Women are amazing and dynamic creatures. With this privilege comes many highs and sometimes lows. This week I am experiencing one of the downsides of being a woman. Next Thursday, I am having surgery. It is out patient, and while a fairly common procedure, it is still surgery that requires anesthesia. I am not scared, at least not at this moment, but I am aware of the risks involved.
I have been experiencing pelvic pain more often than I should. Including flank pain in my back near the kidneys – the pain started about a year ago. I have had check ups, CT scans, and an IVP and now, it is determined, that the insides need to be looked at. Enter the Laparoscopy. This is where a small incision is made in my belly button (thank goodness – who wants scars?) and a tube with a camera and a light is inserted so they can look at what is happening and what may be causing the pain. A potential diagnosis from this surgery may be endometriosis. That is concerning, considering one of the effects of this can be infertility and I have yet to have children.
So, one week away from my surgery date, and here I am: the logical, scientific side of me. Researching what the terms are, what the possible diagnosis could be, and understanding the risks of undergoing surgery and what may transpire once the surgery is complete and a diagnosis is made.
It may sound flippant of me, perhaps even dismissive, but my hope is in God. I do not fear going under anesthesia because I know that if it is my time, then God will call me home. Otherwise, I will wake up and God will put me back to work for what he has made me and called me to do. I do not fear what the diagnosis is because whatever it is, my life is in God’s hands. He will care for me and direct my paths. I know that whatever path he leads me down, it is where I am meant to be. I think one of my favorite passages in the Bible is in Philippians (NLT):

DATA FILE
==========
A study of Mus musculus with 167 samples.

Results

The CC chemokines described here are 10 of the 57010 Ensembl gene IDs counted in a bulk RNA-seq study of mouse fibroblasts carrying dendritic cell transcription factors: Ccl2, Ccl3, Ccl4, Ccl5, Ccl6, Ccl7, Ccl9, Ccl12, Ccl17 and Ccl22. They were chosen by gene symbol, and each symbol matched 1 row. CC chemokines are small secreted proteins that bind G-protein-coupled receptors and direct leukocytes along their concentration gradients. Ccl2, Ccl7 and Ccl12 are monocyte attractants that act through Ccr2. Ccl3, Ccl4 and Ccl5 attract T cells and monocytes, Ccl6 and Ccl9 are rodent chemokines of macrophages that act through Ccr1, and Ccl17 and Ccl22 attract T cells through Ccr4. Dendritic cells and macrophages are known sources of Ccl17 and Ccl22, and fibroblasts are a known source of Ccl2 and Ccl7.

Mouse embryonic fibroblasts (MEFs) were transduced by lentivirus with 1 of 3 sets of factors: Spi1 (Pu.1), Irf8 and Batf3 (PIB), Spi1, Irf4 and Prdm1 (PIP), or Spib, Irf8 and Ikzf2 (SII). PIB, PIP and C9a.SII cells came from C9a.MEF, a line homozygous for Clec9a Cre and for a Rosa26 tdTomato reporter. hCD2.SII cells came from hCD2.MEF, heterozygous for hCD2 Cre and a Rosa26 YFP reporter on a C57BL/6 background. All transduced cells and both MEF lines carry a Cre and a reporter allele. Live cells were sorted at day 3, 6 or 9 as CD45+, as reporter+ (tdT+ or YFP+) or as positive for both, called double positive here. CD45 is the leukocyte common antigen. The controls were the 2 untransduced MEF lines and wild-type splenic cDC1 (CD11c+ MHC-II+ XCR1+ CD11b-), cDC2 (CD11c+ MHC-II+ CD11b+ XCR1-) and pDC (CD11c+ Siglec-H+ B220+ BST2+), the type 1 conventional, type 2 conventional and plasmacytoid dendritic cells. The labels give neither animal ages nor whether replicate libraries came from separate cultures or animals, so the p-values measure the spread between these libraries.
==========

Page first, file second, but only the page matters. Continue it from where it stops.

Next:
“20 For I fully expect and hope that I will never be ashamed, but that I will continue to be bold for Christ, as I have been in the past. And I trust that my life will bring honor to Christ, whether I live or die. 21 For to me, living means living for Christ, and dying is even better. 22 But if I live, I can do more fruitful work for Christ. So I really don’t know which is better. 23 I’m torn between two desires: I long to go and be with Christ, which would be far better for me. 24 But for your sakes, it is better that I continue to live. 25 Knowing this, I am convinced that I will remain alive so I can continue to help all of you grow and experience the joy of your faith. 26 And when I come to you again, you will have even more reason to take pride in Christ Jesus because of what he is doing through me.”
Surgery can be scary. As I travel this journey, I hope that you will follow along. Perhaps even share your own journey with me. I hope that my experience brings any one going through or preparing for surgery a sense of calm and comraderie, compassion and hope.